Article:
Firehouses across America are hotbeds of pranks and practical jokes, and many say it’s the culture of the fire service. Some say firefighters just need to learn to deal with it, but there’s a growing segment who say pranks have no place in a professional setting that is often dangerous.
Kwame Cooper, a battalion chief with the Los Angeles, Calif. Fire Department, has been a career firefighter for 30 years and has seen it all. He has also seen the devastation that even the most well intended prank can cause to an agency and an entire community.
Cooper lectured on the topic of “Firehouse Pranks or Professionalism? The L.A. Story,” at the Fire Department Instructors Conference last week in Indianapolis.
“If you don’t think this kind of stuff is going on in your department, it is and you need to get in front of it so you can lead it and not have it lead you,” Cooper said.
Cooper said there’s a growing movement to demand zero tolerance in fire stations for hazing and pranks. When they do happen, no matter how innocent, it can cost millions in lawsuits and untold damage in morale and department pride.
“How much is a little hazing?” Cooper asked the audience, gathered in a large meeting room at the Indiana Convention Center. “How much hazing is acceptable as opposed to zero tolerance? A little hazing can lead to a $1.4 million lawsuit over someone eating dog food because it was just a little bit of hazing.”
Cooper was speaking of a huge lawsuit in L.A.City that touched off a racial divide in the city, unparalleled since the civil rights era.
It all started off innocently with a group of firefighters playing volley ball, Cooper said. One particularly large and powerful player was able to spike the ball over the net, easily defeating the opposition. The firefighter kept asking his colleagues to feed him the ball for another point. “Feed the dog,” Cooper said, repeating what the firefighter said. “Feed me, I’m the big dog.”
On the way back from the game, the firefighters, including the commanding captain at the time, stopped by a grocery store and bought a can of dog food, Cooper said. The prank quickly evolved from just leaving the can at his spot at the dinner table, to opening the can to let him get a whiff of the stuff, to actually putting it on a plate and letting him eat some.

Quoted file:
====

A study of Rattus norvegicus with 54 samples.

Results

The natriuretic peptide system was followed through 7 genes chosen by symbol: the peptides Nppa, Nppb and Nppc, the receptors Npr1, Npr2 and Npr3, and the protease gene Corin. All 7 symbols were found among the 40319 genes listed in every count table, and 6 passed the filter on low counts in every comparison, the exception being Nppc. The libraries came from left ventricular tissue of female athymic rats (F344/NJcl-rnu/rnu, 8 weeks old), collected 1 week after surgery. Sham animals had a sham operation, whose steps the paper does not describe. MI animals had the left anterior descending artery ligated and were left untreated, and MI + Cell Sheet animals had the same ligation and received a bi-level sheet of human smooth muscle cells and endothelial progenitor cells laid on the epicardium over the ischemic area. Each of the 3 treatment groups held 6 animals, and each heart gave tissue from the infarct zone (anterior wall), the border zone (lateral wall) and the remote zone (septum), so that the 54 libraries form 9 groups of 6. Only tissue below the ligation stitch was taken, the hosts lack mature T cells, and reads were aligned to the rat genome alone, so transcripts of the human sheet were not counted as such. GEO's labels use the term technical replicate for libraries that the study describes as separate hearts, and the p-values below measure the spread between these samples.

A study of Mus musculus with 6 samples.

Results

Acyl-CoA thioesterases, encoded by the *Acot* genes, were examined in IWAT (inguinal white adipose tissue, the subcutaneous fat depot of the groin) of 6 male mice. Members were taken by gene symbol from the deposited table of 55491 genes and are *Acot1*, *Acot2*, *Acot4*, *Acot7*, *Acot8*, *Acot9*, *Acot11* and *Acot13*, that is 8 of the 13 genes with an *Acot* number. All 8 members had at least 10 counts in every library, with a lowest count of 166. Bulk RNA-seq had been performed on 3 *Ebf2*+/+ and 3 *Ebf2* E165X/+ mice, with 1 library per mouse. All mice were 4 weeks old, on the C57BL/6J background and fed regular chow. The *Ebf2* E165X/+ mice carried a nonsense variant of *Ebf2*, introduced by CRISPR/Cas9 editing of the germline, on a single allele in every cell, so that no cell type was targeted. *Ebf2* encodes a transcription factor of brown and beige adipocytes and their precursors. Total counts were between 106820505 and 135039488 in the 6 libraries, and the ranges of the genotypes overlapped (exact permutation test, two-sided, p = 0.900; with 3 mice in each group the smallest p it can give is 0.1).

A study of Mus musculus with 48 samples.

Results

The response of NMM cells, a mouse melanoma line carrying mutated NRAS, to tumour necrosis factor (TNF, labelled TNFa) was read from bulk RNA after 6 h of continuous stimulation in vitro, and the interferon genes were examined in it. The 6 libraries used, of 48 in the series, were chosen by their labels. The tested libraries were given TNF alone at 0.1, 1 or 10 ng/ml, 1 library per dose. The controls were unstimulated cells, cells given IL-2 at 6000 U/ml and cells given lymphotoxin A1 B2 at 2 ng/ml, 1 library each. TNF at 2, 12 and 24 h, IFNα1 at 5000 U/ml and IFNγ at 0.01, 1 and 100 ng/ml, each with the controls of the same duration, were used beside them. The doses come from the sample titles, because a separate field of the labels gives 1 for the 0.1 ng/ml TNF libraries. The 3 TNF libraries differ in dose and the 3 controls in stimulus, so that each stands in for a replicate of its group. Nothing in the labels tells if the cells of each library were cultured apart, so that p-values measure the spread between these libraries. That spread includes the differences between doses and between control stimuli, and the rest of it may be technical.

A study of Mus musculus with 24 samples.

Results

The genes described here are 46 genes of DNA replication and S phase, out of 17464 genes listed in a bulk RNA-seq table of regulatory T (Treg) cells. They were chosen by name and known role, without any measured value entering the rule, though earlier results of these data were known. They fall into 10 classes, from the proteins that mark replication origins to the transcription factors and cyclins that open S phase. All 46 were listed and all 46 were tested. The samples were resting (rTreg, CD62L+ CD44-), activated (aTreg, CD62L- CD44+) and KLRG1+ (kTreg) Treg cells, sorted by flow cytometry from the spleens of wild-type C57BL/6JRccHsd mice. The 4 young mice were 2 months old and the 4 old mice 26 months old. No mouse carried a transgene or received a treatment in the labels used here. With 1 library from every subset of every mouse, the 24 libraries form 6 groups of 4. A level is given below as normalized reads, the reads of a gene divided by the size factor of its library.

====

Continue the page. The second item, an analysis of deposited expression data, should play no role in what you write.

“It was all a big joke,” Cooper said of the prank that got a little out of hand and led to the huge payout. He said the L.A. city firefighter was African-American, well liked and “an outstanding firefighter.” That firefighter “eventually” realized the action was wrong and filed the lawsuit in which he prevailed.
Another firefighter, an African-American woman who happened to be lesbian, was harassed mercilessly during her tenure at the department.
“Someone put urine in her mouthwash and thought that was funny,” Cooper said. The firefighter filed suit and successfully won a judgment for $6.2 million. More disturbingly, the woman was devastated that her career was ruined.
With a slideshow of headlines from around the country, Cooper illustrated pranks that had gone bad. For example, a rat in the locker of an African-American firefighter, a noose found near an FDNY firefighter’s belongings, a Jewish firefighter who had been “chaired,” a practice restraining firefighters to chairs and dumping the contents of refrigerators on them. The firefighters then wrote on the sheet used to protect his clothes a phrase: “Oy Vey, I’m Gay.”
“Is that just a little hazing?” Cooper asked of the illustrations he used. “This is a place of employment. This is a public facility. We’re all a family and I understand that. But in today’s environment a lot of stuff gets interpreted in different ways. The environment is too risky. Yet, people are still doing it. They say it’s part of the business. OK. Good luck. If you do it, you’re going to get some of that,” he said pointing to the bad publicity headlines on the screen and the payouts accompanying them. “You had better deal with it or it will deal with you.”